Anglers plan to fight Day County trespassing citations


A group of South Dakota anglers cited for unknowingly trespassing while ice fishing in Day County this winter is taking the case to court.

Zachary Hunke of Codington County said he and others plan to contest tickets issued by the Day County State’s Attorney’s Office.

Hunke said he and a group of friends went ice fishing on Jan. 13 on a body of water that has an injunction on it. The injunction bars the public from using it for recreation without permission from the landowner. But the anglers didn’t know about the injunction.

“We were in Day County and on one of our really good friend’s family’s land, and it adjoins a body of water. It’s got some of his land is underneath the water and some on top,” Hunke said.

“We called the Game, Fish and Parks prior to going out there and spoke with them. We got onto the ice (legally and) basically were fishing all over once we had gotten onto the ice,” he said.

He said the group followed all the steps for fishing on private property listed in the GFP fishing handbook.

“We went out there and started fishing and a couple game wardens showed up. I’m guessing they were called in by the neighbor. They said the neighbor was a little upset. They said you’re completely legal, you guys can continue to fish, and a month later the Day County state’s attorney sent us a letter charging us with unknowingly trespassing,” Hunke said.

His court date is June 8. And while the fine is about $200, he said he is willing to pay up to $3,500 in attorney fees to fight the citation.

“We called the Game, Fish and Parks. We talked to them on site,” Hunke said. “How do we know who we are supposed to talk to? According to the handbook and current law, we are legal to fish. So we’re not quite sure what the case is that the state has. And how am I supposed to know if I called the Game, Fish and Parks and they say to go ahead? That’s the reason why I’m fighting this thing.”

According to Mark Ermer, GFP regional fisheries manager in Webster, the general direction his department gives to people is that if they can get on the water by legal means, they can go anywhere on the lake. But he said some areas do have injunctions barring recreational use by the public.

Injunctions have been put in place by courts as a temporary fix while until the Legislature crafts a clear set of rules about how public bodies of water can be used for recreation, Ermer said.

Day County State’s Attorney Danny Smeins directed questions about the case to Aberdeen attorney Jack Hieb.

Hieb, who represents a number of landowners in Day County, said Hunke and his friends were purposely misled by GFP officials who are choosing to ignore a state supreme court ruling that left the decision about how non-meandering waters can be used to legislators.

Hieb said some of his clients have filed a class action lawsuit that put injunctions preventing recreational use on his clients’ flooded land. So far, his clients have prevailed in the legal wrangling, he said.

The GFP appealed an injunction Thursday, so the case will go to the supreme court, and the ruling could set a precedent, Hieb said.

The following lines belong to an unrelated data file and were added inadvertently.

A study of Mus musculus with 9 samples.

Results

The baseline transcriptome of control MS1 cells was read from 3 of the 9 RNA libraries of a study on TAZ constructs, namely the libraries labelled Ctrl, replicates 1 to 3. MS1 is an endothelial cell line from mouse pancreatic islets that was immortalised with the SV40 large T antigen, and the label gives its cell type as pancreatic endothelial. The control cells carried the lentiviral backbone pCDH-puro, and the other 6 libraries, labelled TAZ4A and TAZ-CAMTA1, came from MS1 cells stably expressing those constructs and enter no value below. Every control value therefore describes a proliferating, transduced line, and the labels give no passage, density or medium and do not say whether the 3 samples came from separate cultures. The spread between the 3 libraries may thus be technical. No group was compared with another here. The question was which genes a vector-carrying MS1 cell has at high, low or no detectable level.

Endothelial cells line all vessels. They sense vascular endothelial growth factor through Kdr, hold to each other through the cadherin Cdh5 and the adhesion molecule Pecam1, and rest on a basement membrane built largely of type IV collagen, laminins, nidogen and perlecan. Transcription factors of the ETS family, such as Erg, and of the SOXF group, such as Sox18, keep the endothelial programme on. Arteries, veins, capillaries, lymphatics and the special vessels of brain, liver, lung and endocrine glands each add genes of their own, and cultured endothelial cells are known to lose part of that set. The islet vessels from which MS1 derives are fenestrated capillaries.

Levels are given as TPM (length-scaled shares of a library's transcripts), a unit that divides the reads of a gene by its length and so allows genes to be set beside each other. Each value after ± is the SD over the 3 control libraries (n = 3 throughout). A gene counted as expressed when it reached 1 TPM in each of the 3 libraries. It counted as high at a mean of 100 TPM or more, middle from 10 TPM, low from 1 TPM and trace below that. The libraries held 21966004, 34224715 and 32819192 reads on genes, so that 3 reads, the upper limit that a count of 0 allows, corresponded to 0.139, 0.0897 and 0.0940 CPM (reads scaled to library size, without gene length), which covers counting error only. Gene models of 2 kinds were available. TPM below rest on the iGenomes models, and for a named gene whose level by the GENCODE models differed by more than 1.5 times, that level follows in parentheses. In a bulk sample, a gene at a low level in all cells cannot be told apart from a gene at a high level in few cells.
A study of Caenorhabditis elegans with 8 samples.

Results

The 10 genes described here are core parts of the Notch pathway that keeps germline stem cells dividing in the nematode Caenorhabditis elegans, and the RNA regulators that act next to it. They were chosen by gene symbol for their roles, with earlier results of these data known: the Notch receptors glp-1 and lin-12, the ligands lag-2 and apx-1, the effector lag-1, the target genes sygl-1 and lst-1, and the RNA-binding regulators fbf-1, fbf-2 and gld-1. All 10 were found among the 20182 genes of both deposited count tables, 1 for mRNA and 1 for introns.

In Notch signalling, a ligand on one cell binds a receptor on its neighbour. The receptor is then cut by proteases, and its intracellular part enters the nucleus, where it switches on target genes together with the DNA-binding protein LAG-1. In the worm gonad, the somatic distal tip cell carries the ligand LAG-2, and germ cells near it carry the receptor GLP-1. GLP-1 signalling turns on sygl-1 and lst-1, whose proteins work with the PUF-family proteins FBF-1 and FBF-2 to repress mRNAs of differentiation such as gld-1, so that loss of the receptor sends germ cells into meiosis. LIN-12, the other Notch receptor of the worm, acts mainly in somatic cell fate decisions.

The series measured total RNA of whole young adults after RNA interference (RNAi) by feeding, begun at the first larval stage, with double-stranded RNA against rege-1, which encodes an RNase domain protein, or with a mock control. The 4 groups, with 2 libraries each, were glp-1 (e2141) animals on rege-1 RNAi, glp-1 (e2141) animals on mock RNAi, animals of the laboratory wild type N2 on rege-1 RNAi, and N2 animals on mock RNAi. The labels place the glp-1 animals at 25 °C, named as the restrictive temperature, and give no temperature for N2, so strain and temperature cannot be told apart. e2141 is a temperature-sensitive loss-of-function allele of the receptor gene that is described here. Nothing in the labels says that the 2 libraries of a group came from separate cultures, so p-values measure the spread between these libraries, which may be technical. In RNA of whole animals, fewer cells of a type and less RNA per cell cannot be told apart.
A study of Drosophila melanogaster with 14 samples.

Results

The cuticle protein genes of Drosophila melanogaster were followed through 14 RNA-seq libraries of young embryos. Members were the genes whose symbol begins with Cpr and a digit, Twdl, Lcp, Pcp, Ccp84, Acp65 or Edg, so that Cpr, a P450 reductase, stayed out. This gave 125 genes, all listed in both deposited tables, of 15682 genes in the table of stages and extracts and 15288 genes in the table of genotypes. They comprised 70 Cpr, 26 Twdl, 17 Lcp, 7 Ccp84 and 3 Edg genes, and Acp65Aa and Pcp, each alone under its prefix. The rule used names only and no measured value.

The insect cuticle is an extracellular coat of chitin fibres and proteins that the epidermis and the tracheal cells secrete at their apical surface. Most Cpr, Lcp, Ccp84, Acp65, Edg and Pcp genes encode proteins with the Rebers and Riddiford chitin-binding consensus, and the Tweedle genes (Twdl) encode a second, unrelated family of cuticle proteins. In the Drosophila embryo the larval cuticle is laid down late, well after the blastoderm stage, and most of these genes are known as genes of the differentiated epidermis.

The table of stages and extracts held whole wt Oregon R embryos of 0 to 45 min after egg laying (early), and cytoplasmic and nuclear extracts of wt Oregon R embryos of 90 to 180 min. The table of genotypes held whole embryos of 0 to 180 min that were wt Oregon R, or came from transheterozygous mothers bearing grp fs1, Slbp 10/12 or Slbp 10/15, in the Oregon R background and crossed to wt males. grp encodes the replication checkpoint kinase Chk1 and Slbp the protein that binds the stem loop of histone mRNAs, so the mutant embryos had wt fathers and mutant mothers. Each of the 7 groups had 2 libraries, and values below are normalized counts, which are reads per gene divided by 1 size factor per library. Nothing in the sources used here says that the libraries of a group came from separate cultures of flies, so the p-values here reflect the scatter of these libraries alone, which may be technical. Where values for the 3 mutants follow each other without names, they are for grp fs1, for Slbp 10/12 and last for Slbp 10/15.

“On these non-meandered bodies of water, the people don’t have permission to use them for recreational purposes,” he said.

And so continues a debate that started when heavy flooding in the 1990s covered a lot of land in Day County and beyond.

Hieb said landowners have the right to retain their property as private, regardless of whether it floods or not, and that GFP officials are wrong to tell the public that if they can legally access the waters, they can hunt or fish on them. And, Hieb said, GFP officials know they are wrong.

“At a minimum it’s irresponsible because you are leaving people with a false sense of security, and I don’t blame anybody for trusting a state official who is supposed to know and who is supposed to be telling them the truth about things,” Hieb said.

That’s why he believes people in situations such as Hunke’s are being wrongfully charged. He’s sympathetic to the situation.

“I know full well they’ve been told it’s OK. You shouldn’t ever be in a position where somebody in a badge looks at you and says it’s perfectly legal for you to do this, and then turn around and get charged criminally for it later,” he said.

Without a supreme court ruling or a legislative decision, any landowner who wants recreational use prohibited on flooded land has to hire an attorney and go through the court process to get an injunction, he said.

According to state Rep. Dennis Feickert, D-Aberdeen, having the Legislature make a decision on the matter is easier said than done.

“We had a bill two years ago that actually would have designated the boundaries under the water (to state it) was actually was owned by private landowners. I can’t remember all the specifics, but it got quite a ways through the process, then it got hung up in the end basically over the fact that the argument — and the ongoing argument — that the water does not touch the dirt. So if you’re on the water, you can access it off the right a way or you can go over the top of that land that’s owned by someone else and get onto the main body of water,” Feickert said.

He said he understands the frustrations of Day County landowners who feel their water-covered land should not be open to the public. Some members of the public have behaved in a disrespectful manner towards the landowners, he said.

“And it only takes one or two of those situations to irritate people. But you also have to remember from a revenue generated standpoint, it generates a lot of sales tax revenue,” Feickert said.

“A lot of fisherman come from out of state, so that can be a sensitive issue. I guess I’m disappointed with the South Dakota Game, Fish and Parks that something more hasn’t come out of their effort to actually work with some of the individual landowners that are especially annoyed with all this,” Feickert said.